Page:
Rhetoric and Politics by Nicholas Spadaccini download in ePub, pdf, iPad
Rhetoric, in this sense, how to properly give speeches, played an important role in their training. Because the ancient Greeks highly valued public political participation, rhetoric emerged as a crucial tool to influence politics.
Quintilian's work describes not just the art of rhetoric, but the formation of the perfect orator as a politically active, virtuous, publicly minded citizen. This definition of rhetoric as identification broadened the scope from strategic and overt political persuasion to the more implicit tactics of identification found in an immense range of sources. Those who classify rhetoric as a civic art believe that rhetoric has the power to shape communities, form the character of citizens and greatly effect civic life. Augustine exerted strong influence on Christian rhetoric in the Middle Ages, advocating the use of rhetoric to lead audiences to truth and understanding, especially in the church. His own prose and his poetry became exemplars of this new style.
An enthymeme is persuasive because the audience is providing the missing premise. Thus, civic life could be controlled by the one who could deliver the best speech. One of their most famous, and infamous, doctrines has to do with probability and counter arguments. Cicero also left a large body of speeches and letters which would establish the outlines of Latin eloquence and style for generations to come.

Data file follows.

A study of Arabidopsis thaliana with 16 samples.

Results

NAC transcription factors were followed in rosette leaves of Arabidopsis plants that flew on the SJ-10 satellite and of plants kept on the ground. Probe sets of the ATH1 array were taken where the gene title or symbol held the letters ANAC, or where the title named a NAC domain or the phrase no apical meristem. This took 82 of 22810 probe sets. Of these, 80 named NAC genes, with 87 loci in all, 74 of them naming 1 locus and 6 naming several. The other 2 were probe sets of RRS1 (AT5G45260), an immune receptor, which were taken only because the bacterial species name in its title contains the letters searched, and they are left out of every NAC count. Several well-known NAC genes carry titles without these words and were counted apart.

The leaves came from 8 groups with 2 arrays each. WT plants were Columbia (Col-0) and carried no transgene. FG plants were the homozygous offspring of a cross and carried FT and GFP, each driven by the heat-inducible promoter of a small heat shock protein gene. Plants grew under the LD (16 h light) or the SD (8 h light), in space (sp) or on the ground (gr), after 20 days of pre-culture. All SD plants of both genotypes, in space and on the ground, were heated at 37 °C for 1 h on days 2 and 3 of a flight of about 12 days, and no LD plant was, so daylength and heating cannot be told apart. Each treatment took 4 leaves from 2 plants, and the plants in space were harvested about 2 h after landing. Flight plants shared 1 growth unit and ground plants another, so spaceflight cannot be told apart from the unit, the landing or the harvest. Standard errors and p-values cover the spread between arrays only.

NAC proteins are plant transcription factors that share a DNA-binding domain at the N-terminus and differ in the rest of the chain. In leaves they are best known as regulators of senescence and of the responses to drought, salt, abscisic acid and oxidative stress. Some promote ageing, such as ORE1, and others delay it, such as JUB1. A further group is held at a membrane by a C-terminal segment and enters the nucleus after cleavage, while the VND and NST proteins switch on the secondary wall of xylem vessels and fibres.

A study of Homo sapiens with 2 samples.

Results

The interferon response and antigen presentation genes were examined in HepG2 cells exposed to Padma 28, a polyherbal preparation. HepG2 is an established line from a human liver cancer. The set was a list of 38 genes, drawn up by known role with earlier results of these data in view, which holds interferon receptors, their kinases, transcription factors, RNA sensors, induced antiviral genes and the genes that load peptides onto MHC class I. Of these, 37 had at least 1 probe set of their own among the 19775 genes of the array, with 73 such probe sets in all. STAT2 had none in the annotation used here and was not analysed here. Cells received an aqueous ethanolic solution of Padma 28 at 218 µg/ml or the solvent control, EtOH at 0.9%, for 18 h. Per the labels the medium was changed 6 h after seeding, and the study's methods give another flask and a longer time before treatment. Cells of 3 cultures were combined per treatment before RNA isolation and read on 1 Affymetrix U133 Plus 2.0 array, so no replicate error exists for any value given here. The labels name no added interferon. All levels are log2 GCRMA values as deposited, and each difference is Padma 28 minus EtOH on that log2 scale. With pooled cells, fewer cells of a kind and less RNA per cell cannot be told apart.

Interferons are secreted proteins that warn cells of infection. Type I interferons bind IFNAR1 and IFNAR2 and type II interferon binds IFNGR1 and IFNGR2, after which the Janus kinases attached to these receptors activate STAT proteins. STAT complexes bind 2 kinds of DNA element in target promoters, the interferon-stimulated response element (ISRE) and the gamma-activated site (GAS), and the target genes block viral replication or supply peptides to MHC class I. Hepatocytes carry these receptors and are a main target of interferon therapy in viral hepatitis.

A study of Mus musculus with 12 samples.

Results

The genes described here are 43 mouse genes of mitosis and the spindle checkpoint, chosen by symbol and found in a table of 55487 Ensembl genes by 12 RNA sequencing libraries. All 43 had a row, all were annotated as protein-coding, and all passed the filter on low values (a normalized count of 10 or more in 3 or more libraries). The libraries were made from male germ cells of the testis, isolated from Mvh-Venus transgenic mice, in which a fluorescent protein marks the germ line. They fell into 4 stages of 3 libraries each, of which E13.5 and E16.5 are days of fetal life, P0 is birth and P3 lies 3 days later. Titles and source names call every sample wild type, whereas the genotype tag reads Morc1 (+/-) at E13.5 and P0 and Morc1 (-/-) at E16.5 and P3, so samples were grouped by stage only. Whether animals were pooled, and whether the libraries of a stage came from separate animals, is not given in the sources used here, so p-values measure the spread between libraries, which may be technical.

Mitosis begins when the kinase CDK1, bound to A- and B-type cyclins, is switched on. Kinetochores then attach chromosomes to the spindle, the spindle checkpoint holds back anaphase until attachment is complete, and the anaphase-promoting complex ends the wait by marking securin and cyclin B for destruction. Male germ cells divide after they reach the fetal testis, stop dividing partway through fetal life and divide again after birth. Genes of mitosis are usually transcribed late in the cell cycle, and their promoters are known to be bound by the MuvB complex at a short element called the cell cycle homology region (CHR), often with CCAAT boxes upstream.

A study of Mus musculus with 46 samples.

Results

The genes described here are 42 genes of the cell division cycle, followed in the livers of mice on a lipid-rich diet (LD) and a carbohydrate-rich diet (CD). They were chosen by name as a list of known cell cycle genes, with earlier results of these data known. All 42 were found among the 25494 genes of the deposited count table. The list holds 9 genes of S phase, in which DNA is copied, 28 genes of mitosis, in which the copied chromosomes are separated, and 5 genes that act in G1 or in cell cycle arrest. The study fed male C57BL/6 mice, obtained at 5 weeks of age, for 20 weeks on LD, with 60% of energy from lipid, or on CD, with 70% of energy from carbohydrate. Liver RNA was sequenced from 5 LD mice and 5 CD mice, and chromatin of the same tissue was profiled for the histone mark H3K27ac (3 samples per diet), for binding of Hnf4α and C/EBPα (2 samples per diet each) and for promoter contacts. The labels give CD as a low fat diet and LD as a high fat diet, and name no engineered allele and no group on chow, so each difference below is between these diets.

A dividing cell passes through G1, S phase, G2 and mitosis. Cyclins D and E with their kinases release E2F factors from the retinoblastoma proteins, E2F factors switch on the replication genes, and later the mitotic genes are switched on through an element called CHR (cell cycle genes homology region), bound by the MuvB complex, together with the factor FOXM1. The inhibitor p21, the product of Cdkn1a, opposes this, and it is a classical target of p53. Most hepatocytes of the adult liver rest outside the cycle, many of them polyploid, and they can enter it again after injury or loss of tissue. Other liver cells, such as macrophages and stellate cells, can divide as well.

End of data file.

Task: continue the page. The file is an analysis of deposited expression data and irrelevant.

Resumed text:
In his book, When Words Lose Their Meaning, he argues that words of persuasion and identification define community and civic life. More trusting in the power of rhetoric to support a republic, the Roman orator Cicero argued that art required something more than eloquence. Rhetoric as the art of judgment would mean the rhetor discerns the available means of persuasion with a choice.
The American lyceum in particular was seen as both an educational and social institution, featuring group discussions and guest lecturers. Rhetoric, as an area of study, is concerned with how humans use symbols, especially language, to reach agreement that permits coordinated effort of some sort. Aristotle and Isocrates were two of the first to see rhetoric in this light.